When bitten by a genetically modified spider, a nerdy, shy, and awkward high school student gains spider-like abilities that he eventually must use to fight evil as a superhero after tragedy befalls his family.
As Steve Rogers struggles to embrace his role in the modern world, he teams up with a fellow Avenger and S.H.I.E.L.D agent, Black Widow, to battle a new threat from history: an assassin known as the Winter Soldier.
Samuel L. Jackson,
A growing nation of genetically evolved apes led by Caesar is threatened by a band of human survivors of the devastating virus unleashed a decade earlier. They reach a fragile peace, but it proves short-lived, as both sides are brought to the brink of a war that will determine who will emerge as Earth's dominant species. Written by
Twentieth Century Fox
In the film, the violent, hate-filled ape, Koba, is a bonobo (formerly known as a pygmy chimpanzee) while the pacifist, forgiving ape, Caeser, is a chimpanzee (formerly known as a common chimpanzee). In real life, however, bonobos are the much less violent of the two chimp species and rarely fight, whereas common chimps are much more prone to attack one another. See more »
The apes charging on horseback with automatic rifles, firing all their weapons endlessly without reloading. See more »
If you have a fever and cough or a sore throat, stay home.
Man on TV:
I'd say 95% chance of this is manufactured. Came out of a laboratory.
The source of the virus was traced back to drug test done at Gen-Sys Laboratories in San Francisco.
Male Reporter 1:
The lab technician, now known as Patient Zero, was accidentally exposed to retrovirus ALZ-113, an Alzheimer's trial drug that was being testing on chimpanzees.
Male Reporter 2:
The infected chimps showed signs of erratic and aggressive behavior that led to their escape from...
See more »
After the credits there is an audio cue of Apes digging through, and removing rubble and concrete. Then Koba's distinctive breathing is heard, hinting at Koba surviving the fall after his struggle with Caesar. See more »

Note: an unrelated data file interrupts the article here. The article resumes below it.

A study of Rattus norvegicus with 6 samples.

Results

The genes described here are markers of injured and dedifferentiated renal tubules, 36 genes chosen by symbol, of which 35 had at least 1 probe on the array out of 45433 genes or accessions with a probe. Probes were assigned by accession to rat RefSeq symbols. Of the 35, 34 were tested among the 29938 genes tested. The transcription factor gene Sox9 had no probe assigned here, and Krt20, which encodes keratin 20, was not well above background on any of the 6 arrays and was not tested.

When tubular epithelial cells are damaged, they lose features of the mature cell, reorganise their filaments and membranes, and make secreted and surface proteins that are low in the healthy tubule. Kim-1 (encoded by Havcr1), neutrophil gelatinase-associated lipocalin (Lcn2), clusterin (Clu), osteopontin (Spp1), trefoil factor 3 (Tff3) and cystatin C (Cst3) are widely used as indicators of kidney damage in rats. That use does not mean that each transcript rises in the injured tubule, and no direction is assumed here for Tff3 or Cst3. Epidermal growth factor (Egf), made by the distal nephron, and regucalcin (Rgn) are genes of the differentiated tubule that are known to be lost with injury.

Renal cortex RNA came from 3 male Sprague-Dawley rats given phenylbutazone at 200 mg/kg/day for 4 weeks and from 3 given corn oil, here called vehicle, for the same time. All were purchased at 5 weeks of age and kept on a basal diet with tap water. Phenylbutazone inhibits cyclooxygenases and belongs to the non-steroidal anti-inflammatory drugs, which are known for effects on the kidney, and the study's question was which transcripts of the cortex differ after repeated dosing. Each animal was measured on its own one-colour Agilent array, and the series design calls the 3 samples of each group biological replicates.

Dawn of the Planet of the Apes transcends the Hollywood blockbuster. Rich, beautiful and haunting filmmaking.
Sequels can be a worry when coming from big studios. Greedy cash-ins are all too familiar, where rather than stepping further into the world established by the predecessor and exploring unlimited opportunities in character and themes, they just add more antagonists, more action and more noise. It can also be worrying when the original director who helped see a great film through till the end is replaced in the next film. Rise of the Planet of the Apes was a refreshing and involving take on an old franchise and director Rupert Wyatt set up such promise for its sequel. Matt Reeves takes over the reins here on Dawn...and thankfully has taking the film to a rare, brilliant new level.
The film is set ten years after the first film. The ALZ-113 virus has continued to evolve Apes. Led by Caesar, they have made their home in the woods and bred. On the other side of the island (and the world), humans are scarce. The virus has had the opposite effect and spread, killing billions. Those thousands we do see remaining are struggling to survive. When an unfortunate situation occurs between the two sides, war is imminent. But not all humans and Apes agree with the potentially devastating results.
Whereas Rise of the Planet of the Apes was a stripped back study of the science at the core of the story, whilst investing us in the human drama, Dawn of the Planet of the Apes throws us head first into a very different world. The scope is immense and multi-layered. At one view, it's a dead, frightening post-apocalyptic world. At another, it's brisk, dynamic and visually arresting. Matt Reeves has such a masterful handle on every string and creates brooding scope, claustrophobic tension and powerful action sequences; all amongst a basic, but incredibly rich morality play which is raw and powerfully spoken. What is most fantastic about the character approach is nothing is clear cut. Good vs. Bad meet in the middle and spirals out to both sides. I could sit here and blabber about the complete awe I had of the major step up in visual effects of the Apes, but that's not what caught my attention. Right from the opening scene of an extreme close-up of Caesars eyes, I felt the characters. The performances from all stunt men and actors bringing life to these apes transcend the visual brilliance. It is collective. It is immersive. It is terrifying. Andy Serkis delivers one of his most satisfying performances to date. His dedication and his understanding of every thread and fiber of Caesars being are in every frame of this film. And I cannot forget to mention the all-out, aggressive performance from Toby Kebbell as Koba. He breaks the barrier of something quite terrifying and strong.
Dawn of the Planet of the Apes transcends the Hollywood blockbuster. Not only does it deliver that rare sequel explores its world and characters further, but it's also richly told, beautifully and hauntingly portrayed and truly exciting and terrifying in equal measures. Quite possibly one of the best films of 2014.